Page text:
Appropriating Latinx Magical Realism: A Twitter Thread

whilereadingandwalking:

Mel from Books on Wings began this discussion by tweeting: “Apart from all the mess that is MS’ new book, I’ve always been hesitant about non-latinx people writing magical realism. It’s prominently a Latin American genre and she took inspiration from Isabel Allende and García Márquez. But why would we need her voice and story?”

I studied magical realism and the fantastic in college, and wrote my senior thesis on it, so I decided to jump in, because this has often bothered me as well. So here it is: You can write magical realism without appropriating Latin-American stories or Latinx magical realism. It’s easy. Here’s why. 

Magical Realism as a genre was founded by Gabriel García Márquez. One Hundred Years of Solitude and The House of the Spirits are two examples of the genre. This genre is largely a reaction against colonialism and Western realism. The idea is that mythology and spirituality are not as separate from the ‘real world’ in non-Western storytelling traditions. Here’s a way of explaining this: when I was a kid, my parents and grandparents told me a lot of stories about our history that are exaggerated, added-to, mythologized a little bit, etc. If I told a family history, I would tell those stories instead of finding the real ones, because these stories actually explain my family better. It’s an argument that it’s actually sort of more real if you include those tales rather than the ‘historically correct ones.’ You can pull inspiration from this genre successfully without appropriating it. For example, Jeffrey Eugenides in Middlesex uses the same sort of family/historical epic framework, dotted with magical realism, to tell his story.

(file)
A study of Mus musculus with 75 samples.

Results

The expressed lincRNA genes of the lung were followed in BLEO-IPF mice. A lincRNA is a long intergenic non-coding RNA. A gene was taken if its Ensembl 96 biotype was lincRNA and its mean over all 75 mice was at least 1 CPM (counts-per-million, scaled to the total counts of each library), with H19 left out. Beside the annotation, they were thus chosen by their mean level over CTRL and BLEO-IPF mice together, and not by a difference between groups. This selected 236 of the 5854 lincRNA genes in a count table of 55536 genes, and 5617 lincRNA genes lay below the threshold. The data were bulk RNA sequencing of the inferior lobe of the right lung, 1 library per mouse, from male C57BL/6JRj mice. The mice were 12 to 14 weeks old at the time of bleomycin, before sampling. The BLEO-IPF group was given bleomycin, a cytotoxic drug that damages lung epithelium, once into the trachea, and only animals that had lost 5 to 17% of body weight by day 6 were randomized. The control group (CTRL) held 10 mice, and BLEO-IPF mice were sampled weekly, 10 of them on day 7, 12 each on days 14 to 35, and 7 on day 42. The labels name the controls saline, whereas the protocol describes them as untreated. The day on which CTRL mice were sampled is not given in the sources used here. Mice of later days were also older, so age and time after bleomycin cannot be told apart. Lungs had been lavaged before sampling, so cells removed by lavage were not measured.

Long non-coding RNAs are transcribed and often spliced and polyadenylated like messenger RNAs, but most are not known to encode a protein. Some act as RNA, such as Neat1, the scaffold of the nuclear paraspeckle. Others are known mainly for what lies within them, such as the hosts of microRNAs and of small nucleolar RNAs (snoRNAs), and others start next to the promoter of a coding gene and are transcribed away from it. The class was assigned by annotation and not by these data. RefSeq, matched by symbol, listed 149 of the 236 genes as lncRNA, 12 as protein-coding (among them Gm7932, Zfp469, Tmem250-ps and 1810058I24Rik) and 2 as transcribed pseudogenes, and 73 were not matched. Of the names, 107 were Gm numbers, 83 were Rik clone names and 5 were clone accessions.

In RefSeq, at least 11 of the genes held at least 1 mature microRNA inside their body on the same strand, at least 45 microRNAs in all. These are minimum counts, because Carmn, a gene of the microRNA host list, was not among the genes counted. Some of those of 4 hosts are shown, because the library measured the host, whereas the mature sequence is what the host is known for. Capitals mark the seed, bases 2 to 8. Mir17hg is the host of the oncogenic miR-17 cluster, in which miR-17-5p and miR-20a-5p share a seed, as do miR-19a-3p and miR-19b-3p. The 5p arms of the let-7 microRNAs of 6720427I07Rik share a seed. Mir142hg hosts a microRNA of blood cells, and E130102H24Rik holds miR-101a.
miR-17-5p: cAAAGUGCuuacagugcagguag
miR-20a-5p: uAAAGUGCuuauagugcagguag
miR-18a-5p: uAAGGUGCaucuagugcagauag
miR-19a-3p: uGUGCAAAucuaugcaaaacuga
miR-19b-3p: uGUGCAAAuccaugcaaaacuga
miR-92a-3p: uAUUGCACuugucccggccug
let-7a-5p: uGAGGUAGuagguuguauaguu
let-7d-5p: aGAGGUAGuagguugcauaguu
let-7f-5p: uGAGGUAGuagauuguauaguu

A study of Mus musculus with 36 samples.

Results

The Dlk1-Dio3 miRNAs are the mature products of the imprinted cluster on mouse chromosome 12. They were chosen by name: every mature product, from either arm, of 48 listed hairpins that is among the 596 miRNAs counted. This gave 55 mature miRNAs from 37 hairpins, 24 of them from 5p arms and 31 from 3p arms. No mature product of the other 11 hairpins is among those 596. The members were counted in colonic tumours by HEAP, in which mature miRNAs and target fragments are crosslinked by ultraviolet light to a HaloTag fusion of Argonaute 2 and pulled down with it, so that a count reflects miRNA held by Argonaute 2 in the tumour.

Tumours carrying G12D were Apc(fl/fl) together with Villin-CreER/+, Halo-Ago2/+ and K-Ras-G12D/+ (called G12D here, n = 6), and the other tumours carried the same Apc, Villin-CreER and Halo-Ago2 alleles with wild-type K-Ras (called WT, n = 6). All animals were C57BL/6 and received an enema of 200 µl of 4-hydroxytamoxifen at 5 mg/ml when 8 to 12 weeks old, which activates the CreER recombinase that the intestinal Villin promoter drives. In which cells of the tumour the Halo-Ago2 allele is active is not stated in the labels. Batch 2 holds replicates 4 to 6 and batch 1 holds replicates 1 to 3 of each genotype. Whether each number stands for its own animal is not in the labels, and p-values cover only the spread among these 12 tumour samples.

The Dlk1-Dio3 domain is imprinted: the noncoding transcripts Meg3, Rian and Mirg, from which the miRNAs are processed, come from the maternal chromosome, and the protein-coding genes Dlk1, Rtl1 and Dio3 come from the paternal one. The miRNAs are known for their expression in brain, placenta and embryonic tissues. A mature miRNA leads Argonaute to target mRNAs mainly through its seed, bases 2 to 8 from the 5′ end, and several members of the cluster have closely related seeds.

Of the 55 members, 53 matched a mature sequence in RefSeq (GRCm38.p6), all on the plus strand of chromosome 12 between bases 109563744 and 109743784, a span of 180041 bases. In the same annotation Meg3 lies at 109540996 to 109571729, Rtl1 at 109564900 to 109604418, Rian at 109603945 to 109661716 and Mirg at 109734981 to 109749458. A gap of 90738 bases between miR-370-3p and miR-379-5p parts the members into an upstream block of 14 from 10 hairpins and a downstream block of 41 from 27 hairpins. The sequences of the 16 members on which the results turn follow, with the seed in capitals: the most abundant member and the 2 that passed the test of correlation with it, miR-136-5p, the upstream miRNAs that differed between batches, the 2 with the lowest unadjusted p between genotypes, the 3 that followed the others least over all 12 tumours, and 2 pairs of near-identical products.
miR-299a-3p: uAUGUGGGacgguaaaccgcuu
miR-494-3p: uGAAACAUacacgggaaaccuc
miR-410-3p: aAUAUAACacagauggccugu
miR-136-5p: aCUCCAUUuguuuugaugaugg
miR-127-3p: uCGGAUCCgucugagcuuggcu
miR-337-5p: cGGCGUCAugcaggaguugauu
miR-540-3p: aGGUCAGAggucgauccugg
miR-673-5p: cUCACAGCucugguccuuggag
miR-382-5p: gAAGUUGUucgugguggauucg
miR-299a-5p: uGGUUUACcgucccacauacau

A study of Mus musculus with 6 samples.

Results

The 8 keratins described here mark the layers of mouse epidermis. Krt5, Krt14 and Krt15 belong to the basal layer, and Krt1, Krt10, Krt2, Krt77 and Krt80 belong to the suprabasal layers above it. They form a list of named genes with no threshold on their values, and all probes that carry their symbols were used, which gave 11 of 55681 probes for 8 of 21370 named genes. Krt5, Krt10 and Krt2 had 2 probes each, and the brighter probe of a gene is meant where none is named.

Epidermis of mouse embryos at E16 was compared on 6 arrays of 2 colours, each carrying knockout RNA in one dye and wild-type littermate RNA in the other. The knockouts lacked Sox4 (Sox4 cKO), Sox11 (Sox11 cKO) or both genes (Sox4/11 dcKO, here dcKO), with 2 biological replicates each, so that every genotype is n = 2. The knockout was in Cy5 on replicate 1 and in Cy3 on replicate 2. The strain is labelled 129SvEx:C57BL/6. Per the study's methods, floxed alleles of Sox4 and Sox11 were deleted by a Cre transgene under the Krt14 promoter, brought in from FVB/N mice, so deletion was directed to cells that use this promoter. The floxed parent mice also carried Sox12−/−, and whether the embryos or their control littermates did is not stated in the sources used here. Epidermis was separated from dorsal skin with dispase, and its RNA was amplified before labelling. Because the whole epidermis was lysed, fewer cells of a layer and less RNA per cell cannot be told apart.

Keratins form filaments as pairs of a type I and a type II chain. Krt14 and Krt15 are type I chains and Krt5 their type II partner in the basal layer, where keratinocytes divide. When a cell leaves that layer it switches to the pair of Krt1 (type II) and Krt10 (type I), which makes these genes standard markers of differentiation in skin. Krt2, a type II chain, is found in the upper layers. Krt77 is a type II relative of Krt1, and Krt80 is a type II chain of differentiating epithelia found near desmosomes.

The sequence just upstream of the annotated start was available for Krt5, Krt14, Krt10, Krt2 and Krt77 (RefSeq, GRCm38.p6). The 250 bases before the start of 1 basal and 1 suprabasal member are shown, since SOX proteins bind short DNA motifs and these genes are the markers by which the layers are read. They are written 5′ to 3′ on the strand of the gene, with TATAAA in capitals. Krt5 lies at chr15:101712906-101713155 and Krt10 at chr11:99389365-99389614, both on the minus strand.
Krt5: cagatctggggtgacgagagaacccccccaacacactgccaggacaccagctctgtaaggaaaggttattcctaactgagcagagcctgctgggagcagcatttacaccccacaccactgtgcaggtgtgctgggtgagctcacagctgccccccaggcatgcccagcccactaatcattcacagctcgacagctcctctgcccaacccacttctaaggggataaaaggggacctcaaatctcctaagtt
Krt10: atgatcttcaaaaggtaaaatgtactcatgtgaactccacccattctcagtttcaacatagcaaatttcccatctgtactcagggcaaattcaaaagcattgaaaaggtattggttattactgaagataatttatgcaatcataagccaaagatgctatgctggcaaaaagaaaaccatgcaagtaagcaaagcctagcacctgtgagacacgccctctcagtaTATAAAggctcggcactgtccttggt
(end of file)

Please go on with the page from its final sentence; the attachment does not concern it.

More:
Magical realism is used in the literature of many cultures, from Balkan to Japanese to African-American novels and stories. It’s often used to project an anti-Western outlook, but with postmodernism, many Western writers began to utilize it as well. But outside of Latin America, magical realism is a mode, not a genre. It is a literary tool to enhance your story and give it depth, or mystery. It’s used, just for example, by The Master and Margarita, Ulysses, The Wind-Up Bird Chronicle, Lincoln in the Bardo, the short stories of Shirley Jackson and Angela Carter. Would you put those all into the same genre? No, me neither. That’s because these all use magical realism but don’t try to appropriate the genre of magical realism, which is a Latin American genre. They use it as a mode to create a certain feeling, experience, and depth for the reader, but are not directly using the styles of Marquez.

That’s my problem with Maggie Stiefvater’s new novel. There is no reason why you need to appropriate Latinx stories or tropes from the genre of magical realism in order to write a novel that has magical realism in it. As Mel added, non-Latinx people can use it as a mode—but there’s no reason to take Latinx stories away. I agree. Do you want to write a novel with magical realism in it? Great—so do I, in fact. But why do you need to write a Latin American story to do so? The answer is that you really don’t.